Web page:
This plant features on the ‘Top 5 plants of 2021‘ for a reason – it’s gorgeous pink variegated leaves!
Only recently available in Mauritius, it’s flying off the shelves and nurseries are rushing to keep up with demand. I was lucky to get my hands on one before the craze hit, and now I’ve added another two to my collection (but who’s counting?).
As mentioned above, what makes this plant so popular is the pink variegation. Keeping the pink variegation is not always easy, as it can quickly revert to a ‘Green’ Pink Princess, and well, who wants that?
It’s important to understand that the amount of pink your plant will have is embedded in its DNA, and it may or may not produce lots of pink variegation; but the below care tips will help support your plant in maintaining whatever pink it produces.
Variegation on any healthy plant is basically a lack of chlorophyll. This means, that part of the leaf provides no support to the plant, in terms of photosynthesis and food production. Too much variegation will eventually lead to plant decline and eventually death.
So, its important that your PP gets good light. Place your plant in an East facing window, or in an area that gets morning / evening light. Avoid direct sun in the middle of the day as the sun will damage the leaves. If your plant doesn’t get adequate light it’ll revert back to being it’s green self.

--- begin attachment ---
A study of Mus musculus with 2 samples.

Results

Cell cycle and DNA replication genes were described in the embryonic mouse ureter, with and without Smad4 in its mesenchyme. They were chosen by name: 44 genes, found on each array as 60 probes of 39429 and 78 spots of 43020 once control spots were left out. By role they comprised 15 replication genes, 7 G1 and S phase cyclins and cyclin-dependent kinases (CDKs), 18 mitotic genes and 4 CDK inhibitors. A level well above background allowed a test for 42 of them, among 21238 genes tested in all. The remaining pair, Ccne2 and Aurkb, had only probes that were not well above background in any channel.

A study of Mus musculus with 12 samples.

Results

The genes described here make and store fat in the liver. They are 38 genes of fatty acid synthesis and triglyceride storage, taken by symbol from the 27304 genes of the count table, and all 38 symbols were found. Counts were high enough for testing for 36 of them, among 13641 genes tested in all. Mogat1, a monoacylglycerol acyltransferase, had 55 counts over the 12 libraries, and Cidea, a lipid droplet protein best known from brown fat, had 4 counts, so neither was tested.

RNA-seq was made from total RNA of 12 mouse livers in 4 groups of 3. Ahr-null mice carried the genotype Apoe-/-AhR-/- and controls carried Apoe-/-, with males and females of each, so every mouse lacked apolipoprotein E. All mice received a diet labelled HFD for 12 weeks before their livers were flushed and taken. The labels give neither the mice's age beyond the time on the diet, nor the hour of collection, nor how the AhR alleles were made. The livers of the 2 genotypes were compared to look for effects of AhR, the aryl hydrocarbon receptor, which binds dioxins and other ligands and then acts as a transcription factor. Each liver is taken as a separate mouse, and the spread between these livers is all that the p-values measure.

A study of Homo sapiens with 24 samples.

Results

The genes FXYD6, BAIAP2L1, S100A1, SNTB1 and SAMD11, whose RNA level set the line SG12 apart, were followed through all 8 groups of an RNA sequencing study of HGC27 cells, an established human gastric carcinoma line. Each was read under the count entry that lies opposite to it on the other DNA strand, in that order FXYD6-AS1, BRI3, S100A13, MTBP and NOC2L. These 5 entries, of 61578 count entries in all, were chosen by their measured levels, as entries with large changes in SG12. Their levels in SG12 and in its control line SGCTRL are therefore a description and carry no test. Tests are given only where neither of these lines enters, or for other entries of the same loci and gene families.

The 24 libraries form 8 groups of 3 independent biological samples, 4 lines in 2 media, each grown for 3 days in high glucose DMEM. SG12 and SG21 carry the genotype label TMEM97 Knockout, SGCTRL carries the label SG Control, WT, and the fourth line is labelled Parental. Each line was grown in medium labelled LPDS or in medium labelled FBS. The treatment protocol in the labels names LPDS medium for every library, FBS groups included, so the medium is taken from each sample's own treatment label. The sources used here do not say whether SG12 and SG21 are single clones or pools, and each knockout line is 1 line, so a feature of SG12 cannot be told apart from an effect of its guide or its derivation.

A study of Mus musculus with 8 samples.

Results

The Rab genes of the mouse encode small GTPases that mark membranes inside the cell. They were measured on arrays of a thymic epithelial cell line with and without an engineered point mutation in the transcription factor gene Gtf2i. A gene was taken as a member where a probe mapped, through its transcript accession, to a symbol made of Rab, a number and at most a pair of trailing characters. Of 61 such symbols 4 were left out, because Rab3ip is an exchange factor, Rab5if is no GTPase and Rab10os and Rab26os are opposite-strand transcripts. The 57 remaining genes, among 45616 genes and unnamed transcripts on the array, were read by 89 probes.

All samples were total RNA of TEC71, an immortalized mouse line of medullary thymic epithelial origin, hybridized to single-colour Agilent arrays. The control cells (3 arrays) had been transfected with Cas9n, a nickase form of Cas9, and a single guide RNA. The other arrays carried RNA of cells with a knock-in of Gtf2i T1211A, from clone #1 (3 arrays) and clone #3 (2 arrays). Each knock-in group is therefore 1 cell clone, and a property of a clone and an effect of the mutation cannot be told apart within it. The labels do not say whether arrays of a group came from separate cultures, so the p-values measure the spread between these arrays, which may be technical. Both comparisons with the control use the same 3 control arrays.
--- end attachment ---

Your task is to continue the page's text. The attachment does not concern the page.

Like most philodendrons, the Pink Princess likes a good drink. Thoroughly water your plant, ensuring water freely flows out the bottom of the pot – don’t let it sit in water.
Water again when the top 1 – 1 1/2 inches of soil is dry.
You want to make a potting mix that is loose and high in organic matter.
A mix of Peat moss, bark & perlite offers good nutrition, moisture retainment and drainage.
Fertilise your PP during the growing season. If you’re potting up your plant you can mix in slow release granules, but this is not always recommended in hot climates. Therefore, it’s recommended to substitute every 3rd watering with a balanced liquid fertiliser.
Snip! It’s very easy to propagate these plants – just make sure your cutting has a leaf, a node and an aerial root. You can propagate in perlite, water or sphagnum moss. Direct cuttings in soil works too, but rooting success rates are not always as high.
Loss of pink variegation? Move your plant closer to a light source. If the last few leaves have been all green, you can snip your plant back to the last variegated leaf. This will help to jumpstart the variegation again (provided you have your plant in sufficient lighting).
Wilting/Looking Limp? Have you been watering too much? Or too little? If yes to the first, check for root rot, trim off the dead roots, and repot it in a loose potting mix – good luck!
Slow growth? Give it more light, fertilise if needed, or see if its time to pot up.